Several important issues must be addressed in a divorce, from spousal and
child support to property division. These issues all have the potential
to be quite contentious due to the inherent complexities that come with
fairly dividing a couple’s life, especially when you take into account
the emotional weight of the situation. When it comes to dividing property,
there are two types, one of which ends up on the chopping block, while
the other is to be left untouched. They are known as marital property
and separate property.
Courts do not have authority over separate property, which is why the first
order of business in property division is to determine which assets and
debts are separate or marital. Generally, all property, assets, and debt
acquired throughout a marriage are considered marital property. If a piece
of property was acquired prior to the marriage, but the other spouse contributed
to an increase in its value, this increase would also be considered marital
property. Spouses can also convert separate property into marital property,
or vice versa, or specify property as marital or separate in a prenuptial
or postnuptial agreement. All marital property is equitably distributed
in the state of Illinois in the event of a divorce.
Some states differ in details, but separate property typically only includes:
- Property owned by either spouse prior to the marriage
- Inheritance received by either spouse prior to or during the marriage
- Gifts received by either spouse from a third party, such as a friend or
- Payments received for pain and suffering in a personal injury claim
All other property acquired during a marriage is typically considered marital
property, regardless of how the property is titled or which spouse owns
it. This means even assets such as your 401(k) or stock options will also
be equitably distributed as marital property, despite it being solely
in your name. If separate property mingles with marital property, it might
also be subject to division.
For example, if you re-title the condo you purchased while single to add
your spouse as a co-owner, this property might be considered marital property
in a divorce. If you deposited the inheritance you obtained from your
parents into a joint bank account, those funds might also be considered
marital property. This is often referred to as “commingling.”
Some spouses might do this intentionally while others commingle assets
without even realizing the consequences of such actions. If spouses are
unable to decide what belongs to whom, the decision will be left in the
hands of a judge who will determine whether any or all of the commingled
property was a gift to the marriage or if the original owner should be
reimbursed partially or fully.
How Does a Judge Decide?
If a judge must determine whether property is separate or marital, he or
she will consider several factors, which include:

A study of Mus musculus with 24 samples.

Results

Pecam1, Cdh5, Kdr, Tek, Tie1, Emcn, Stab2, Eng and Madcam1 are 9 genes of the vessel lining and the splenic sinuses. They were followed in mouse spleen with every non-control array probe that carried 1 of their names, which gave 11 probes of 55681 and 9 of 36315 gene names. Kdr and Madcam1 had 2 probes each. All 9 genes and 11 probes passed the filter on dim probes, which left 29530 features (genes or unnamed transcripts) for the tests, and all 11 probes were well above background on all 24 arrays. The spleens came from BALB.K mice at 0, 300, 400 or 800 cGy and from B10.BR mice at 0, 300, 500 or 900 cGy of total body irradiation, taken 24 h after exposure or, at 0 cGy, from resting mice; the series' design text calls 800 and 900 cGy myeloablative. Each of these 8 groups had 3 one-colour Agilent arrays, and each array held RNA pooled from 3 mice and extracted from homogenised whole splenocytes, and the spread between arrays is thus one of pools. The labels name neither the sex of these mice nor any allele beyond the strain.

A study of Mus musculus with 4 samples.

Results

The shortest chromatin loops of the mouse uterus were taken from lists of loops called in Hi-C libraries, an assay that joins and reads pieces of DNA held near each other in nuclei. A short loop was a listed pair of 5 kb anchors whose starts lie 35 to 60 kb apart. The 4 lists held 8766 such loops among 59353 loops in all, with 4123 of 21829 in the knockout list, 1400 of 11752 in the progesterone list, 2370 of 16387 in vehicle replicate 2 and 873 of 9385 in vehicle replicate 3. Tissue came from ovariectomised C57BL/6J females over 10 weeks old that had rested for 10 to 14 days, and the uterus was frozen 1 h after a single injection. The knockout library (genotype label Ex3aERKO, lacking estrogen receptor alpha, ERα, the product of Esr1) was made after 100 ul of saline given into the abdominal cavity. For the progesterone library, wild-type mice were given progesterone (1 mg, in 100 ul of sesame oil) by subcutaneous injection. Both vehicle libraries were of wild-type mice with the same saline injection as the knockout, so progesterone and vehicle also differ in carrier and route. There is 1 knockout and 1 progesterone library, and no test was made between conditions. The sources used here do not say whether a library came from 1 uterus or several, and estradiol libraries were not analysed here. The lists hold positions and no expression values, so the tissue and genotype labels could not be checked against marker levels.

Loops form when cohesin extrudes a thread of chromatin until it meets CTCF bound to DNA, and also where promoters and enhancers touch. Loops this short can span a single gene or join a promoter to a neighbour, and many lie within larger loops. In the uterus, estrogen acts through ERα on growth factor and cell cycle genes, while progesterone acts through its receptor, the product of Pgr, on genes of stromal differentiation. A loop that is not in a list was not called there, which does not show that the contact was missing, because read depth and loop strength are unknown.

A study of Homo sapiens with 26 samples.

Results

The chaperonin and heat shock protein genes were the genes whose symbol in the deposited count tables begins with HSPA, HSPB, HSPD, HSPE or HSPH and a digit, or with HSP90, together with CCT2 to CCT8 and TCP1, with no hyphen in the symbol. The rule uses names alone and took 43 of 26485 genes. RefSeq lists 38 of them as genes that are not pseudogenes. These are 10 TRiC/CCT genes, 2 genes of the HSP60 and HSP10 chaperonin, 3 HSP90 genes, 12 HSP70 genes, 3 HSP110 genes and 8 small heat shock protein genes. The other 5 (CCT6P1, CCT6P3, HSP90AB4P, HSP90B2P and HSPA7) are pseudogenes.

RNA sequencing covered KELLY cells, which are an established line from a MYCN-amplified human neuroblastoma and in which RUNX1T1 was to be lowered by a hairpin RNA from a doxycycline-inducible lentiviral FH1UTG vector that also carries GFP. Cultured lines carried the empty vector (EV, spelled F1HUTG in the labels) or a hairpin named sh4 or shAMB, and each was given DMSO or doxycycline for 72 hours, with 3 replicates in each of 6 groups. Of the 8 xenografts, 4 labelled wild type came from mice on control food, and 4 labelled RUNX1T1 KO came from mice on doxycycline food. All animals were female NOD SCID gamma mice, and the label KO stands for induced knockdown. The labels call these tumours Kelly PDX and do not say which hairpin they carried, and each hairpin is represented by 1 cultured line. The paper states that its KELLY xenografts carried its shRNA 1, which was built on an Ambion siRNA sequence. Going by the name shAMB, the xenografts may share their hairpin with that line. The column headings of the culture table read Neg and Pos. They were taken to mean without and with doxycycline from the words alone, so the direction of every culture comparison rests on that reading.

- Prenuptial agreements
- The duration of the marriage
- The age, health, and station in life of each spouse
- Whether or not a spouse will receive spousal support
- The occupation, vocational skills, and employability of each spouse
- The value of property assigned to each spouse
- The economic circumstances of both spouses
- Contributions made to the acquisition, preservation, or increased value
of the marital property, including domestic duties
- The needs and liabilities of each spouse
- The obligations of either spouse from a prior marriage
- Custodial arrangements for children of the marriage
- The tax consequences of dividing the property
If a couple is able to reach an agreement on separate and marital property
without taking their case through litigation, they might stand a better
chance at obtaining an agreement that is favorable for both of their needs
and goals. With the assistance of your attorney and a mediator, you and
your spouse might be able to accomplish this.
Property Division Attorneys in Illinois
Asset distribution is a highly contested issue and heavily litigated aspect
of divorce. Finding a resolution to this can be time-consuming and slow
the entire divorce process down when spouses refuse to budge on a compromise.
If you are in need of representation for your divorce to assist you throughout
the property division process, contact the skilled and experienced attorneys
at Wakenight & Associates, P.C. Our Illinois attorneys are extremely
familiar with state divorce laws and will be able to help you protect
the possessions you value most while coordinating an asset distribution
plan that is both fair and beneficial for your entire family.
No two divorces are alike, and family situations make each distribution
dramatically different. However, some of the most common and important
assets in a divorce usually include cars or other motor vehicles, homes
or apartments, real estate, investments, financial assets, retirement
and saving accounts, intellectual property, insurance policies, and pets.
To ensure asset distribution is fair, you must disclose all of your assets
to the courts. Failing to do so might lead to serious consequences. You
could face legal punishment, be held in contempt of court, or jeopardize
your share of the marital assets.
It is crucial for you to seek the skilled and experienced assistance of
a property division attorney in Illinois to ensure your best interests
are protected and you do not make any costly mistakes along the way.
To speak with one of our distribution attorneys today, call us at (888)
351-2843 to schedule a consultation.